The chip that powers the new line of Google Pixel 6 smartphones is a custom-built technology that delivers a 20-core GPU.

So What?

According to Google, graphics will look much sharper, making popular Android games a better experience. Apps will load faster, and photos will look great--along with new camera tricks.

Few customers care about 'cores,' but they care about their experience with a product. The faster you get them to care, the more excited they'll be about your product--and more likely to buy it.

For fifteen years I've worked closely with CEOs and executives at some of the world's leading technology companies. One tough communication challenge they face when launching new products is the need to balance technical information for the people who want it, while offering simple top-level messages for everyone else.

The So What? Test

A simple rule of thumb is to take the 'So What?' test.

Apple follows the test brilliantly. Although their launch presentations can get highly technical, speakers are taught to answer the question, So What?  

For example, Apple also made some chip news recently with the launch of MacBook Pro notebooks with Apple's custom-made silicon called M1 Pro. The chip's technical specs are mind-numbing: 33.7 billion transistors, 8 high-performance cores, and much more.

So What?

"Simply put, it's the world's most powerful chip for a pro notebook," according to an Apple vice president who spoke at the launch event. "Everything is incredibly fast and responsive. Apps wake instantly. It offers incredible performance and incredible battery life, so you can compile more code or edit more video on a single charge."

In this case, the So What? test was intended for a specific audience: high-end content creators like editors, filmmakers, and musicians.

Effective communicators spend a lot of time getting to know the product's target customer. They ask themselves:

  • What is the customer's pain?
  • What does the customer find frustrating with current products?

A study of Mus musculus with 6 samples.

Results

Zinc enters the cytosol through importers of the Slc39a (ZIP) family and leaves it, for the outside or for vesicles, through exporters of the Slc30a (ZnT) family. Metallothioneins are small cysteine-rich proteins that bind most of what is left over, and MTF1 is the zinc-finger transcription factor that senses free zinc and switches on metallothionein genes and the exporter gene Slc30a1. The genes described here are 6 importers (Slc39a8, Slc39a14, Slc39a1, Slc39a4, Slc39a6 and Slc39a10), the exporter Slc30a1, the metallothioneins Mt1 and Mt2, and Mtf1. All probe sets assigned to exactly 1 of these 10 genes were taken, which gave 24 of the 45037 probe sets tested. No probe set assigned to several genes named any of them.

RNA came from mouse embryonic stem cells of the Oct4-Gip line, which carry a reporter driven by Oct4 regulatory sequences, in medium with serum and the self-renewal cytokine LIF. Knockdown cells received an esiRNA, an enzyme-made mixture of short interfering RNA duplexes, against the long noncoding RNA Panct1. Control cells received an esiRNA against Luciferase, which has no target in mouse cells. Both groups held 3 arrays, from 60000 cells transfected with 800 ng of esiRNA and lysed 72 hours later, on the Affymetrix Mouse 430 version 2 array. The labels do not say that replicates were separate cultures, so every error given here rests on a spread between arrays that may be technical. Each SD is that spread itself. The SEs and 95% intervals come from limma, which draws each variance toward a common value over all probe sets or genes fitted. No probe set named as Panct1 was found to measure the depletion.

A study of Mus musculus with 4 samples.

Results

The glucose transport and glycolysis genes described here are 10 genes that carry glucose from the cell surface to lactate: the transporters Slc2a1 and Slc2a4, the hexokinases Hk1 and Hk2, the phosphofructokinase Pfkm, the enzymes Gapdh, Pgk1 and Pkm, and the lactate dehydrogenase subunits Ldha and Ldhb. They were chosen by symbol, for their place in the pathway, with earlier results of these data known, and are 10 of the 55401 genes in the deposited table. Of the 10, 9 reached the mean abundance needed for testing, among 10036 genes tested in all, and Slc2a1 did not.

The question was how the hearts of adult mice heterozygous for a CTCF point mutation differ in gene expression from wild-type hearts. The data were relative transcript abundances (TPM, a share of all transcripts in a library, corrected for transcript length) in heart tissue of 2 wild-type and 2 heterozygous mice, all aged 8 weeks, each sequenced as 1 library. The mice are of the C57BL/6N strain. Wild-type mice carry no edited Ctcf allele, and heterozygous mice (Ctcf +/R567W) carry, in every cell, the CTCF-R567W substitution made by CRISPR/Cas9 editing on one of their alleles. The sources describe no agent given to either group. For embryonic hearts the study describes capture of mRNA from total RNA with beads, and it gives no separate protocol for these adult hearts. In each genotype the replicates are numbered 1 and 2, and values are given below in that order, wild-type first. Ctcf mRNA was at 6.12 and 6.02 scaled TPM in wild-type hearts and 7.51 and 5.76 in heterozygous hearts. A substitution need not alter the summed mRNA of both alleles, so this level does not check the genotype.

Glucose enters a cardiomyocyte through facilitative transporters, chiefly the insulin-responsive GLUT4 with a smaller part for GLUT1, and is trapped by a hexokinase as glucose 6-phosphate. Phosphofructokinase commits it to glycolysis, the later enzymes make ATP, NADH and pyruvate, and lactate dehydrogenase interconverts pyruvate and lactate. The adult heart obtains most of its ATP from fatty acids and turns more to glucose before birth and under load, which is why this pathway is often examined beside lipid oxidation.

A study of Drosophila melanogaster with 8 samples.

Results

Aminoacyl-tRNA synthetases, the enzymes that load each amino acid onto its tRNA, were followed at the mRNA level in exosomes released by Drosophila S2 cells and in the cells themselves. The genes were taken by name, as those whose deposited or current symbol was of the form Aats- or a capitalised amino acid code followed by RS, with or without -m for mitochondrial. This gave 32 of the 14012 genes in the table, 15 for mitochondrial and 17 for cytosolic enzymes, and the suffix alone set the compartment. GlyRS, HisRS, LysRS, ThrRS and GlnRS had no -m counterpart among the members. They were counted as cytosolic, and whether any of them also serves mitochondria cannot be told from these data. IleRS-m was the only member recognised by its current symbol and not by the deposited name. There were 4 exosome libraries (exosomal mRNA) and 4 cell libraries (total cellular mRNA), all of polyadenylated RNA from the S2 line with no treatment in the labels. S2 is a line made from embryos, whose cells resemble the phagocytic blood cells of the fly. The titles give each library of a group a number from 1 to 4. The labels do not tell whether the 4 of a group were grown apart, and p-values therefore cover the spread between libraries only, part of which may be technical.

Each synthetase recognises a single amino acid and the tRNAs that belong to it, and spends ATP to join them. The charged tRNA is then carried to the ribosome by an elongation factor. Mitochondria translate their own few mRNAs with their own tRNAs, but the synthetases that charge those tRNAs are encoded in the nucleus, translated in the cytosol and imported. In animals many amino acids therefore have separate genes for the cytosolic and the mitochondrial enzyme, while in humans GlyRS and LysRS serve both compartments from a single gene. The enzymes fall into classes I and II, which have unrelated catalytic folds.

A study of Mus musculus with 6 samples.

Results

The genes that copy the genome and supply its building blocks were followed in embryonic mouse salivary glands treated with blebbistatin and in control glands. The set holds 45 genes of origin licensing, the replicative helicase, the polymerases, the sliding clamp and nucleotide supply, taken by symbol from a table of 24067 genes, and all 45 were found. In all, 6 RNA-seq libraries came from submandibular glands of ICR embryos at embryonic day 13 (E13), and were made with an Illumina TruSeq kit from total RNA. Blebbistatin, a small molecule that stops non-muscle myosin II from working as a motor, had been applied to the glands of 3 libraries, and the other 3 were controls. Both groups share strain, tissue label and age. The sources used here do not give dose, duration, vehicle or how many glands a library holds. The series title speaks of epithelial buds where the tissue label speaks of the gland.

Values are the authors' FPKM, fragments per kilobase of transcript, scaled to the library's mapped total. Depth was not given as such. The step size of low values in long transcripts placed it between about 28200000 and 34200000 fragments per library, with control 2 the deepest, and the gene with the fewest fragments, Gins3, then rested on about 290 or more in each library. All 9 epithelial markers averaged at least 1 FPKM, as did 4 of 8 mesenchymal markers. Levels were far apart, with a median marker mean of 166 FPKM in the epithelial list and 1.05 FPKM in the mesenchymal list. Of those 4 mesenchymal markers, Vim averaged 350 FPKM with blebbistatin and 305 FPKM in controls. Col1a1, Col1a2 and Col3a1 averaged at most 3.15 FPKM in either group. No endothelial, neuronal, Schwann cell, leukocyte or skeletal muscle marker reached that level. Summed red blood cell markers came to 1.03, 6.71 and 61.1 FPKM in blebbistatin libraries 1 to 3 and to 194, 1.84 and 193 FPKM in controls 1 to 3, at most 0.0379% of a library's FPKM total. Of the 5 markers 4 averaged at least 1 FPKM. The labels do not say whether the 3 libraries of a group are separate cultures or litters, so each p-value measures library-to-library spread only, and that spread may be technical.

• What will surprise and delight this customer?

The better you know your customer, the more effective you'll be at crafting messages that resonate with them.

Don't Bury the Lead

In journalism school we were taught that a poorly-written article "buries the lead." The same rule applies to a presentation, email, website, or marketing material for a new product. The technical details are important, but they're just that--details.

The "lead" answers the question, So What?

I learned the powerful effect of the So What? test when I met with a team of executives preparing to launch a revolutionary medical device.

"Tell me about the product," I asked the group.

"It's the first dynamic volume CT-scan with 320 ultra high-resolution rows," one executive excitedly responded.

"So What?" I asked.

"Well, that means it can image an entire organ in a single gantry rotation."

"So What?" I asked again.

"Put this way, if you suffer a stroke or heart attack, it will make the difference between life and death."

"Now I get it!" I exclaimed. 

The presentation we created generated far more sales than the company had originally forecast. But as you can see, I had to repeat the question until we identified the essence of the story. Clear, compelling messages often take time to craft. First drafts are rarely the best ones.

Keep asking, "So What?" The exercise will pay off when your customers get excited about your new product or service.